Updated: January 19, 2021 7:59:39 am
Stressing on the need for better representation of women in national politics, BJP national general secretary and former state minister Pankaja Munde lamented there were only 12 per cent women representation in parliament.
“I would like to be the voice of all those women who have lost their voices in our patriarchal society. Today, our parliament has only 12 per cent of women representation and only 8 per cent of our national leaders are women. This is a big fight that powerful women leaders need to take forward and win. A lot of women will need to enter politics in our country so that they can lead women-centric causes. Since we are poorly represented, especially in politics, the reservation becomes our right,” Munde said.
She was speaking at the 2nd National Women’s Parliament (NWP), 2021 hosted by MIT World Peace University (MIT-WPU) in Pune. The four-day virtual conference was held from January 11 to 14. More than 71 speakers, including business leaders, NGOs owners, political leaders, sports personalities and celebrities, from all over the country addressed the conference, themed on promoting social, political and economic equality of women in all strata of society and facilitating dialogue between women from diverse backgrounds. The 11 sessions were attended by over 3,500 participants.
The inaugural session of the was addressed by Union Minister of State for Women and Child Development Sushree Debasree Chaudhuri, Union Minister of State for Tribal Affairs Renuka Singh Saruta, Lok Sabha MP Diya Kumari, secretary-general of the Commonwealth Patricia Scotland, Governor of Uttar Pradesh and Madhya Pradesh Anandiben Patel, BJP national vice president Uma Bharati, and legendary dancer Mallika Sarabhai.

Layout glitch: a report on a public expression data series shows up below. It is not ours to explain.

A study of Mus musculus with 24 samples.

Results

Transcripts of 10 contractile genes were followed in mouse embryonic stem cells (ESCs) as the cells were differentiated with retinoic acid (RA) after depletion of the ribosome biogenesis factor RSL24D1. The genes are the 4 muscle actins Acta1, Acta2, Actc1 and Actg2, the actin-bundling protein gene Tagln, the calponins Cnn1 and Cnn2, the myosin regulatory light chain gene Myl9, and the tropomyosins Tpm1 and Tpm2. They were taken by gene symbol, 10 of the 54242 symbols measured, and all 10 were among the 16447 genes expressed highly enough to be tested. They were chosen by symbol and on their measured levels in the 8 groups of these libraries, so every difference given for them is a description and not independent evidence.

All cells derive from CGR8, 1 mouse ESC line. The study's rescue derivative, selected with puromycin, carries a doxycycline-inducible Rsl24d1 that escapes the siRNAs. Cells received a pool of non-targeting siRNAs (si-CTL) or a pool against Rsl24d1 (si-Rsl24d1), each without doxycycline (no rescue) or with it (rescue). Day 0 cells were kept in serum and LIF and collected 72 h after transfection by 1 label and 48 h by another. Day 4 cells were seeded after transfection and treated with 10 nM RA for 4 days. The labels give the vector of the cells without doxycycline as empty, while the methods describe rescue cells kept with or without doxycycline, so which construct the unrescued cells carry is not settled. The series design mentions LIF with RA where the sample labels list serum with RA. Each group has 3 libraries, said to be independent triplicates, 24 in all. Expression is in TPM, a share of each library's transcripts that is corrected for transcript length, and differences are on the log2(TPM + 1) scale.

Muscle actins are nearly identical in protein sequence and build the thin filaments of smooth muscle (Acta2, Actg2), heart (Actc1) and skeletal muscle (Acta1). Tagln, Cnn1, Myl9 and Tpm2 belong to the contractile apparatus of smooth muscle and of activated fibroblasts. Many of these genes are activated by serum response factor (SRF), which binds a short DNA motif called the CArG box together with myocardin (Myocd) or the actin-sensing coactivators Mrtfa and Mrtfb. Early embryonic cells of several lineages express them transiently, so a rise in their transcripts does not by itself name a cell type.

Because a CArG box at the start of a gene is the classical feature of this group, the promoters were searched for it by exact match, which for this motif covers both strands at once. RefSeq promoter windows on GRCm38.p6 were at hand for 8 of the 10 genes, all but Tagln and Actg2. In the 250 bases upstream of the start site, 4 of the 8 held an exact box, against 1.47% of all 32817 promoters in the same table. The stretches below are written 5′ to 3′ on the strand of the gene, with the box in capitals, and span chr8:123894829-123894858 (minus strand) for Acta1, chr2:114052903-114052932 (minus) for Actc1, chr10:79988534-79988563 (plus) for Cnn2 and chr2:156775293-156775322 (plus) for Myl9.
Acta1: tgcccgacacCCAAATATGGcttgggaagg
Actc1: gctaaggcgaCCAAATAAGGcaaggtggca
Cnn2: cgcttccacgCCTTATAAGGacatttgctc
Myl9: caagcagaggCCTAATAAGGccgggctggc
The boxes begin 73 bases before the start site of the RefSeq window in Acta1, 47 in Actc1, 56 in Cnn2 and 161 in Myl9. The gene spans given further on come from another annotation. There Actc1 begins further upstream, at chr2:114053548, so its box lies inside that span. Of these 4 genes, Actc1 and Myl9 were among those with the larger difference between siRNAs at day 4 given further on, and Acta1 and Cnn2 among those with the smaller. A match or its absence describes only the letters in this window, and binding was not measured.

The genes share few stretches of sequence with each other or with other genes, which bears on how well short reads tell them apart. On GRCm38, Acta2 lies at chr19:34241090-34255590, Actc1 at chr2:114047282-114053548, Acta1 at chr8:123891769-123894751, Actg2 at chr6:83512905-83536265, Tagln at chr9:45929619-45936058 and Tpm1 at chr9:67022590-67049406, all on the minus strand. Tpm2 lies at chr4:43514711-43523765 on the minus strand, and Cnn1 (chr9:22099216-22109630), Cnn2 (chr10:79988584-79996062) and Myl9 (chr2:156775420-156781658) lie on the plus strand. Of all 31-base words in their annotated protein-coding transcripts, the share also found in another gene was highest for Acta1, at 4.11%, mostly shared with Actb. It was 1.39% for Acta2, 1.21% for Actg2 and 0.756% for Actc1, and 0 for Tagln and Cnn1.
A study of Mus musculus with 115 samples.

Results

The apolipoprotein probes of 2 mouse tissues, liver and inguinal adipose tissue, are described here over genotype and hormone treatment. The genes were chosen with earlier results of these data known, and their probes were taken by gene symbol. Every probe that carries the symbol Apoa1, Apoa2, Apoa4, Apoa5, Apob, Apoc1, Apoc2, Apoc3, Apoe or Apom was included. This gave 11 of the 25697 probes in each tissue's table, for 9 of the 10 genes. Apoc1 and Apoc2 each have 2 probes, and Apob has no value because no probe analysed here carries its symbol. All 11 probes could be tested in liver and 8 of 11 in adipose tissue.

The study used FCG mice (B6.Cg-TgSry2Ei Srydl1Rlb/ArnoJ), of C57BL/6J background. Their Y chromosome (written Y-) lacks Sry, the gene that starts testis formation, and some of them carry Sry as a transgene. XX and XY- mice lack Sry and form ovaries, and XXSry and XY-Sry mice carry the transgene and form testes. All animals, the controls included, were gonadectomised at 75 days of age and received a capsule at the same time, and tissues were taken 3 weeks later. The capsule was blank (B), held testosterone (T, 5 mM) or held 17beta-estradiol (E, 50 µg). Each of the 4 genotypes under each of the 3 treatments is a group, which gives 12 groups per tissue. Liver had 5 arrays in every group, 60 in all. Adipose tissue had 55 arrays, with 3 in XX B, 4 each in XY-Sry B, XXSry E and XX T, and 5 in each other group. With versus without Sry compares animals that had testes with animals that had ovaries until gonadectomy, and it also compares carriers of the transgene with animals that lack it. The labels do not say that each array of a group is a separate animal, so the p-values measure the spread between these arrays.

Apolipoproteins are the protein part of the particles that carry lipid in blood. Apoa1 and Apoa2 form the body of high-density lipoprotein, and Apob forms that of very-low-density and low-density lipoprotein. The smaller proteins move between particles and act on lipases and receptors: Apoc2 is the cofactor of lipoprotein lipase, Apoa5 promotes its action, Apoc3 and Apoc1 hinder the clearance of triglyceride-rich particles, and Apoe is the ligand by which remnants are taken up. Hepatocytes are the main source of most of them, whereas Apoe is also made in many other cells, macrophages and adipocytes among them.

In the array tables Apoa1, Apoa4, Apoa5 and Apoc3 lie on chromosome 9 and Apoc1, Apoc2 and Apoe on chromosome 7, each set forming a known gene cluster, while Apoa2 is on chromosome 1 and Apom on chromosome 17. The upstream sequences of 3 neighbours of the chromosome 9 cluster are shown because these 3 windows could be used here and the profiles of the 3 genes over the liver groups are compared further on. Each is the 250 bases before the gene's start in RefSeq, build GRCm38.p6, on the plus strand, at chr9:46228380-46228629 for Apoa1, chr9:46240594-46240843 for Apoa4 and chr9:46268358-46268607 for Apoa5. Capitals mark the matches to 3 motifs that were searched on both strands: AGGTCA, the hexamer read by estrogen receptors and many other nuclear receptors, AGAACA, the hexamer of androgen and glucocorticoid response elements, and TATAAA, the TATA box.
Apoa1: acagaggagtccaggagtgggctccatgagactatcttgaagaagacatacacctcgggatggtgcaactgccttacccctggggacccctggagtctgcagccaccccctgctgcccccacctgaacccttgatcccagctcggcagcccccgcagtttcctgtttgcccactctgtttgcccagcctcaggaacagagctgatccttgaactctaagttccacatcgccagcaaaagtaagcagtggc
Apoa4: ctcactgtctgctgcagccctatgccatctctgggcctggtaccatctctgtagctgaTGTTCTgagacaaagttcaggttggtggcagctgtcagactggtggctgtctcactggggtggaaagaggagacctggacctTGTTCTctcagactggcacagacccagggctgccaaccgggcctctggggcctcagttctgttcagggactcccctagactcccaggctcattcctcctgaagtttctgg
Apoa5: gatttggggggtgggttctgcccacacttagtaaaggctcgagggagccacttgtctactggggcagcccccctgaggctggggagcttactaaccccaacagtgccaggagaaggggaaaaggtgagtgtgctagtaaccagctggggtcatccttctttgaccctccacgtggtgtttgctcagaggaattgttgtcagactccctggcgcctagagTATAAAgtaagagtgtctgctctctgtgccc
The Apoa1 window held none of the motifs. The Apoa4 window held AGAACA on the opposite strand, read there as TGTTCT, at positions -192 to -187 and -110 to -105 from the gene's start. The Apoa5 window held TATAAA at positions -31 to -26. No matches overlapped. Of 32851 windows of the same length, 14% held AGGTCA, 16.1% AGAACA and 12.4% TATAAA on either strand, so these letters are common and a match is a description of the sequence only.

“Women are an institution in themselves. Woman empowerment is an important step towards the progress of our nation. They are an important part of our workforce, who contribute to our nation’s prosperity. If more women are educated, we will be able to eradicate many ill social practices in our society such as the dowry system. MIT World Peace University’s initiative of the National Women’s Parliament platform recognises the extraordinary contributions of women in the different sectors of our society,” Anandiben Patel said.
Rahul V Karad, the managing trustee and executive president of MAEER’s MIT and executive president, MIT World Peace University, said, “Though we are the largest democracy, women in India find themselves under-represented and far removed from decision-making levels even after seven decades of being a democracy. As a university that believes in universal value-based education, we consider it our prime responsibility to lead this change towards women empowerment.”
Padma Bhushan Dr Mallika Sarabhai, who is also the founder of Darpana Academy of Performing Arts, said the conference was a step towards highlighting the different possibilities available to women. “Let not the boundaries of society stop you from flowering to the fullest. We are our only competition. Women in leadership positions, who can make independent decisions, are the need of the hour,” she added.